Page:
The most interesting ideas come about by questioning assumptions.
In government, Madison, Jefferson, Franklin, and friends questioned whether a government needed a king.
In business, Henry Ford questioned whether every automobile needed to be built by craftsmen, one at a time by hand. Michael Phillips questioned whether customers really needed to be able to withdraw all their savings at any time. Muhammad Yunus questioned whether the poor were the terrible credit risk the bankers and economists claimed.
What I’ve found in working with entrepreneurs is that many of their plans include questionable assumptions, and that having the entrepreneurs step back and question those assumptions lead to far better plans, and more viable businesses.
Better yet is when an assumption is brought forward that is not only taken for granted as true, but sits unseen by the masses. For example, in dozens of discussions with investors and entrepreneurs on the topic of Angel and venture capital investing, the investment thesis was always described as a variant of: huge opportunity, high growth model, and a great team to execute.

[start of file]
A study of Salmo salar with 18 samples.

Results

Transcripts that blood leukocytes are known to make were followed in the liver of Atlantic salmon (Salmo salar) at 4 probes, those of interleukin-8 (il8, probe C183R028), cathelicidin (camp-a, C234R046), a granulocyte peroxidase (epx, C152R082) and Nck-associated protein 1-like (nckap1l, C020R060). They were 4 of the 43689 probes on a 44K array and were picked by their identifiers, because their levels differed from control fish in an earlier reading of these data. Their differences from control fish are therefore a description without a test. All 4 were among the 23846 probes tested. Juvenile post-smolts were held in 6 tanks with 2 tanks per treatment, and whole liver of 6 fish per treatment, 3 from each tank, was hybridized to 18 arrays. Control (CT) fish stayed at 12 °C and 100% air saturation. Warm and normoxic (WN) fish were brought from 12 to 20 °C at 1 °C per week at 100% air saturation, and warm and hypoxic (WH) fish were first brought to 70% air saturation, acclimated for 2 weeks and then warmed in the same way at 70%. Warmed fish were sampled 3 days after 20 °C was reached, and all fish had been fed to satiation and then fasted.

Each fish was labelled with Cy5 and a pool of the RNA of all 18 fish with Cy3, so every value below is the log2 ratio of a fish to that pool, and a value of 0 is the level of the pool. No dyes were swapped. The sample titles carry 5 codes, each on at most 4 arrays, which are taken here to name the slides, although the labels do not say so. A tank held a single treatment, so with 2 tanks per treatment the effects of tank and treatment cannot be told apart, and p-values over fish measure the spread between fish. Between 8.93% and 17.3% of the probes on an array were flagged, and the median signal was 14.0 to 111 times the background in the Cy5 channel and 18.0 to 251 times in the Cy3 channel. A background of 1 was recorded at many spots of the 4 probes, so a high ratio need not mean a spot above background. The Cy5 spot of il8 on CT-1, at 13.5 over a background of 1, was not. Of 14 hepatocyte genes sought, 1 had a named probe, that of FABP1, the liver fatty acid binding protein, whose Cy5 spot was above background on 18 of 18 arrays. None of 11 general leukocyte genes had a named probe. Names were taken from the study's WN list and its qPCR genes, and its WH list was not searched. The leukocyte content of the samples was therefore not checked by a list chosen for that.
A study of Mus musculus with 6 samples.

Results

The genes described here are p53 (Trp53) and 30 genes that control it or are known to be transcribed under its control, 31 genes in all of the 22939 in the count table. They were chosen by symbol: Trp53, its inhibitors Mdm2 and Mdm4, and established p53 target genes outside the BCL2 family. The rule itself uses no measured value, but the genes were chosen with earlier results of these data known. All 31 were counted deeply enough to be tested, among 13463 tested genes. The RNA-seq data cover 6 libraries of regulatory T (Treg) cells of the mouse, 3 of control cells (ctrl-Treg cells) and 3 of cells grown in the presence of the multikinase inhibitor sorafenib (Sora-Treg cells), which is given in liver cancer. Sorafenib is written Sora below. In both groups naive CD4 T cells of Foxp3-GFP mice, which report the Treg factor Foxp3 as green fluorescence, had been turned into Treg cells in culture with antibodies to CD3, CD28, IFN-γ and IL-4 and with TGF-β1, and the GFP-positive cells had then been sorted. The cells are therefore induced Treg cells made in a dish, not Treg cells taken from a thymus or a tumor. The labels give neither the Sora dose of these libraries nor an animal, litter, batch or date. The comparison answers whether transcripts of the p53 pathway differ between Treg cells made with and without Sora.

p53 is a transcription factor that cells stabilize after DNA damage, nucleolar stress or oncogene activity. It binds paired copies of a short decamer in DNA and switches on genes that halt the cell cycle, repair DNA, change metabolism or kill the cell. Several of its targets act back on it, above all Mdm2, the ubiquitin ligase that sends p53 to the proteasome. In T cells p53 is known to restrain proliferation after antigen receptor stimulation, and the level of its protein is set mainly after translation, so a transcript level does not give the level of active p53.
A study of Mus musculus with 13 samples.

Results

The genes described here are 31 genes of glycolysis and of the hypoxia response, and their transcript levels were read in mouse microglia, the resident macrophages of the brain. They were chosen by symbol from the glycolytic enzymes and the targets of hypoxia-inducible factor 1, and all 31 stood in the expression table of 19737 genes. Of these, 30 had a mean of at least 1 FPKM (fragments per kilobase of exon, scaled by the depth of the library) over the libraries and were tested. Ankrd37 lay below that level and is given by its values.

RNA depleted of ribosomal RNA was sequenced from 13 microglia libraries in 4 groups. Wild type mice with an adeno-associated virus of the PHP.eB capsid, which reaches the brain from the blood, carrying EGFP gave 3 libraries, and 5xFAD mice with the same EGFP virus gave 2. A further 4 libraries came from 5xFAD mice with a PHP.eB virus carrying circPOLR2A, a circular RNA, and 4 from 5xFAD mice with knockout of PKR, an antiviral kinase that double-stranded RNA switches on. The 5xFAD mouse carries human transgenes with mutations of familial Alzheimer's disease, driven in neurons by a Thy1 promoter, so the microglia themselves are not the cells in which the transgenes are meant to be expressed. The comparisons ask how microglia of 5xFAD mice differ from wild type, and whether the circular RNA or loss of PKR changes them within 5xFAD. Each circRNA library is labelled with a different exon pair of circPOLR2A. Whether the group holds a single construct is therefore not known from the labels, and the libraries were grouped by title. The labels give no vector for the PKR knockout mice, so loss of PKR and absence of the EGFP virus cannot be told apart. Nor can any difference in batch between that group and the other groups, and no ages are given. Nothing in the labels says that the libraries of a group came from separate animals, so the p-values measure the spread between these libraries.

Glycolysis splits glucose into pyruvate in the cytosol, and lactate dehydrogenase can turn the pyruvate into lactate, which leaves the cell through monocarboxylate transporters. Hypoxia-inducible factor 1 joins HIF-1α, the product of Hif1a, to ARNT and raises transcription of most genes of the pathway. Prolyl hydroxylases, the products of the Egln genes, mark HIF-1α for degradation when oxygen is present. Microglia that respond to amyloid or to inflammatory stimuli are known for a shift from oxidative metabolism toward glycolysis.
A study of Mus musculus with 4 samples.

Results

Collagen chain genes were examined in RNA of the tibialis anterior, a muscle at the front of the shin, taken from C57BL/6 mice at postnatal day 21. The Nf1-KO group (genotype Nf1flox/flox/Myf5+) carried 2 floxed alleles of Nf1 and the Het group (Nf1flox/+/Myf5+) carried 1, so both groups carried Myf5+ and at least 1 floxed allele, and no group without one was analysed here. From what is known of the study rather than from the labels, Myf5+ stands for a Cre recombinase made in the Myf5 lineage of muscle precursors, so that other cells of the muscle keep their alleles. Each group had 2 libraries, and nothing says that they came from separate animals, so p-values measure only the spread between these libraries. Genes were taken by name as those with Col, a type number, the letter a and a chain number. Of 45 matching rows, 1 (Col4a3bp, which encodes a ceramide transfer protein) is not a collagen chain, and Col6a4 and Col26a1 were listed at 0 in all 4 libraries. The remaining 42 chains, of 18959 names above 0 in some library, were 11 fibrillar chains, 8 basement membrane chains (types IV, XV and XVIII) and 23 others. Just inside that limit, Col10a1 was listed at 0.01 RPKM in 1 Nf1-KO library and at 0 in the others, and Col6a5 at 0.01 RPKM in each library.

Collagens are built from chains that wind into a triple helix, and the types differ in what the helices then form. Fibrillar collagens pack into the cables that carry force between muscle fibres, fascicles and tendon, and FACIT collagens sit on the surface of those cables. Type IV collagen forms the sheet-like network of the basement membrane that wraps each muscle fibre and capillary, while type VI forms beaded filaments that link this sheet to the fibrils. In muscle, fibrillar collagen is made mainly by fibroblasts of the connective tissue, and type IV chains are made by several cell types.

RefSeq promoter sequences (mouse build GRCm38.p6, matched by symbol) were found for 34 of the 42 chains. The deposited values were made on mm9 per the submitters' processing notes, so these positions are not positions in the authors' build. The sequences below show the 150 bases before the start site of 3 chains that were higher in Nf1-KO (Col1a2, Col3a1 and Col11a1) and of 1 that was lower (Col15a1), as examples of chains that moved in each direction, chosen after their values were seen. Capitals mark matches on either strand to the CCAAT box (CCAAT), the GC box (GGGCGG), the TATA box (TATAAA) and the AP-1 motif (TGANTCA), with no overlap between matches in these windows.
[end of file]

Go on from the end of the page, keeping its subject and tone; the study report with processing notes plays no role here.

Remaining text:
The unstated assumption in that model, as described, is that upon successfully executing that high-growth plan, that either the company will be able to IPO, or if not, then some acquirer will be there to provide an “exit”. Outside of tech, media, consumer packaged goods, and a few other markets, that assumption is not true. And without it, the investments using structures based on that thesis do not usually make financial sense.
I’ll have more to say about that specific assumption in future posts, and a lot more to say about assumptions about business that are either no longer true, or which have never been true, yet which continue to be taught year in and year out at Harvard, Wharton, Stanford, etc., and which continue to be discussed in the Wall Street Journal, New York Times, on screen on CNBC, at the Federal Reserve, and elsewhere.
Repetition may define the “truth”, but it does not make a fact or idea true.